Publisher: Obsolete Press

Edition: unlimited

Year: 2022

Binding: Wire-o Softcover

Dimensions: 8 x 10 inches

Pages: 108


  • Multi-color printed using silk-screen and inkjet
  • manilla envelope with materials to make your own stencil

The Obsolete Press Guide to DIY Hectography, Mimeography & Spirit Duplication is a huge labor of love and a truly special publication. Rich Dana is trying to win not just our hearts, but more space in our homes. Space we might fill with old printing technologies in order to make books and zines and other printed stuff in cheap, cool, and tactile ways. Here’s some background on this book from the publisher himself:

Before Social Media, There Were Cheap Copies.

Did you ever wonder how artists and writers made zines and chapbooks before computers and photocopiers? This book is the culmination of over a decade of experiments, research, and tinkering with pre-digital duplication technology. It’s a DIY guide that explains the history and how-to of the mimeograph, hectograph, and spirit duplicators that were used by the avant-garde, political radicals, wannabe publishers, low-brow artists, and—perhaps most famously—by early zine makers.
In addition to the how-to manual, the book is also a meditation on technology, highbrow vs lowbrow art, and rediscovering freedom in the non-digital world.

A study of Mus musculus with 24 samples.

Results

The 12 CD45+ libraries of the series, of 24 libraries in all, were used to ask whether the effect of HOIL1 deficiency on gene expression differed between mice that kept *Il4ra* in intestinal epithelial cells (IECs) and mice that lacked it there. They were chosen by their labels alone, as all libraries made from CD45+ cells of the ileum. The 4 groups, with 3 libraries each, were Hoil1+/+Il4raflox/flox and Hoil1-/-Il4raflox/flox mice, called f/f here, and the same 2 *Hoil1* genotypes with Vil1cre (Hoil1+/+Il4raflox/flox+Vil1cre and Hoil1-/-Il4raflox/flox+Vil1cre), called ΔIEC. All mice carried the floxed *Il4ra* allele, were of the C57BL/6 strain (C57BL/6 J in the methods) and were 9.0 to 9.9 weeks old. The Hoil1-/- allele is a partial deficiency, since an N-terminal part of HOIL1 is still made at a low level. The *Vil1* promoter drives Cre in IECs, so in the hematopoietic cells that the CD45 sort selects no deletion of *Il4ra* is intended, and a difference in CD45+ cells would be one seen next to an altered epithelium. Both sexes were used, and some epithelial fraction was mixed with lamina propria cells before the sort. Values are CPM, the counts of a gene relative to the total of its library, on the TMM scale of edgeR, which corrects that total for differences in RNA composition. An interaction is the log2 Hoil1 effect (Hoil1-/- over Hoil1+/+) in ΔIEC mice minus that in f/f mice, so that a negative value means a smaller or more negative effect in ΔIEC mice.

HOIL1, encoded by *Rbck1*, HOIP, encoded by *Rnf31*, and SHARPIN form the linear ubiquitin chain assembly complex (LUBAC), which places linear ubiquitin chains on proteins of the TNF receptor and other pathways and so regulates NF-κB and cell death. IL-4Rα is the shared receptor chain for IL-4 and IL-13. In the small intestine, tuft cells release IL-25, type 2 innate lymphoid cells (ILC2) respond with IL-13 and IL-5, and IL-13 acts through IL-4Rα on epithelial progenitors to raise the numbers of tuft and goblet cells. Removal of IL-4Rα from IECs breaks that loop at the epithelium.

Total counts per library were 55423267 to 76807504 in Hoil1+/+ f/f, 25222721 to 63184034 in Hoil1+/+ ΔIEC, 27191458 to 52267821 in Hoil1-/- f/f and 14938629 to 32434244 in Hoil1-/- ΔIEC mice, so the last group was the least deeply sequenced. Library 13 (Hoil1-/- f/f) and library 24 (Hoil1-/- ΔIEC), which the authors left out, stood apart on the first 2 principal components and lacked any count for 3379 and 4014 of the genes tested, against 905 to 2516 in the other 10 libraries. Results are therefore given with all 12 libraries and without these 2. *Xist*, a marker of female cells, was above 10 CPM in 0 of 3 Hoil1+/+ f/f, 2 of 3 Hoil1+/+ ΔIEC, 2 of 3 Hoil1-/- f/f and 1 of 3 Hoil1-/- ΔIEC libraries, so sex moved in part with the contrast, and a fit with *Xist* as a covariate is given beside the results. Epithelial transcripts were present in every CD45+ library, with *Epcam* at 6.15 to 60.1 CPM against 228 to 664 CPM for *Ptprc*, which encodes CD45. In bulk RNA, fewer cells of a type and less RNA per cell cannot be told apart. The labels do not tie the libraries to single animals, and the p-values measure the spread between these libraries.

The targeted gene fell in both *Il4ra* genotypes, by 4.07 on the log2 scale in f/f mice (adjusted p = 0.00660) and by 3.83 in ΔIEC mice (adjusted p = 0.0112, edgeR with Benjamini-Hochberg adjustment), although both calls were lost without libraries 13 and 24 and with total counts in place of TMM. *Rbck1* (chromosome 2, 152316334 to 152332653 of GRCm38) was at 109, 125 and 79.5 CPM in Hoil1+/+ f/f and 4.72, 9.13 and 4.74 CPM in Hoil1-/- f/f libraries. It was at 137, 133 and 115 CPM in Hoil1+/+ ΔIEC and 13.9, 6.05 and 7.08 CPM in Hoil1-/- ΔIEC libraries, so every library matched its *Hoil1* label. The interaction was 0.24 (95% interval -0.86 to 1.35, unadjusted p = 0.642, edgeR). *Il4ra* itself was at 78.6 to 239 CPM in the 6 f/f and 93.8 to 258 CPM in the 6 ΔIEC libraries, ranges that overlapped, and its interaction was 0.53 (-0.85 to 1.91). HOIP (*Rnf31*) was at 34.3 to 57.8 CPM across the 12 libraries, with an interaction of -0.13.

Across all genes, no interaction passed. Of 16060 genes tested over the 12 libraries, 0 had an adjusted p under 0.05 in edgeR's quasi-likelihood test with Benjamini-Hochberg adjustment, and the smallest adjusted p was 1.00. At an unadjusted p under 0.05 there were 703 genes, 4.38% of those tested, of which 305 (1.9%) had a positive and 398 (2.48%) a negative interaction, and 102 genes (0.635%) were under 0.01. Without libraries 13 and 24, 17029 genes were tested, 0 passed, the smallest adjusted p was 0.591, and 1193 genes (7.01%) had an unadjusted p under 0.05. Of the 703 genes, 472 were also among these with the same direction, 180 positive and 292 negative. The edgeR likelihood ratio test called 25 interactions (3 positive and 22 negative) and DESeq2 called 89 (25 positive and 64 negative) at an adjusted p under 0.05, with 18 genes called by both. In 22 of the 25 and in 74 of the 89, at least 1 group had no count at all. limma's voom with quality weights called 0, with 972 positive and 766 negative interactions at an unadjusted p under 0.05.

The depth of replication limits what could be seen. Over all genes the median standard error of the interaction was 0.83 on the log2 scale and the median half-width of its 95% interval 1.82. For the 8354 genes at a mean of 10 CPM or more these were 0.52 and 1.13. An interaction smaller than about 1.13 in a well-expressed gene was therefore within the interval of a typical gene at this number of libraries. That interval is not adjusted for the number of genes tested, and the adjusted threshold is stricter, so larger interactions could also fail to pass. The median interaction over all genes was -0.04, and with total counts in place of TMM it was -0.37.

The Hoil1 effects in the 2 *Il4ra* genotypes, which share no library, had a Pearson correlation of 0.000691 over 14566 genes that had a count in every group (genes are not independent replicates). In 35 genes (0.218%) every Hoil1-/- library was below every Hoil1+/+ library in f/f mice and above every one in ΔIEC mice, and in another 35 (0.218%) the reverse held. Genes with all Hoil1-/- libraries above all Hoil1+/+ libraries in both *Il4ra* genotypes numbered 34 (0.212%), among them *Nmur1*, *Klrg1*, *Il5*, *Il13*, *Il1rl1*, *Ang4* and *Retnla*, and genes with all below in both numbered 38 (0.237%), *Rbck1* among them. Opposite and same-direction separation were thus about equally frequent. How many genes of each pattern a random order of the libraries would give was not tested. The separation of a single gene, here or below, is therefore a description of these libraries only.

This book is packed with info, instructions, illustrations, and reference material that will help you get started printing zines, posters, flyers, stickers, and more, without fancy equipment or expensive supplies.

What the HELL are mimeos and hectos? Is a Spirit Duplicator some weird religious thing?

The printing techniques featured in the book include low-cost, common “copying” methods that require little or no specialized training or equipment.


Hecto appeared in the 1870s and was used widely for making office or school copies. It’s an amazingly simple technology, requiring no mechanical devices. By mixing gelatin and glycerin, you can make a printing pad that can produce 40 copies, be wiped clean, and be used again and again.

Spirit Duplication

An offshoot of hectography, spirit duplicator machines are a type of tabletop cylinder press. The master sheet is wrapped around a drum, which is hand-cranked or motorized. Known as “Ditto Machines, ” they make purple copies with an intoxicating smell loved by schoolkids everywhere.


Mimeos are stencil duplicators that can still be found second-hand, or you can make your own! Similar to silkscreen or Riso printing, mimeo offers a broad range of color choices and can print many more copies than the spirit method.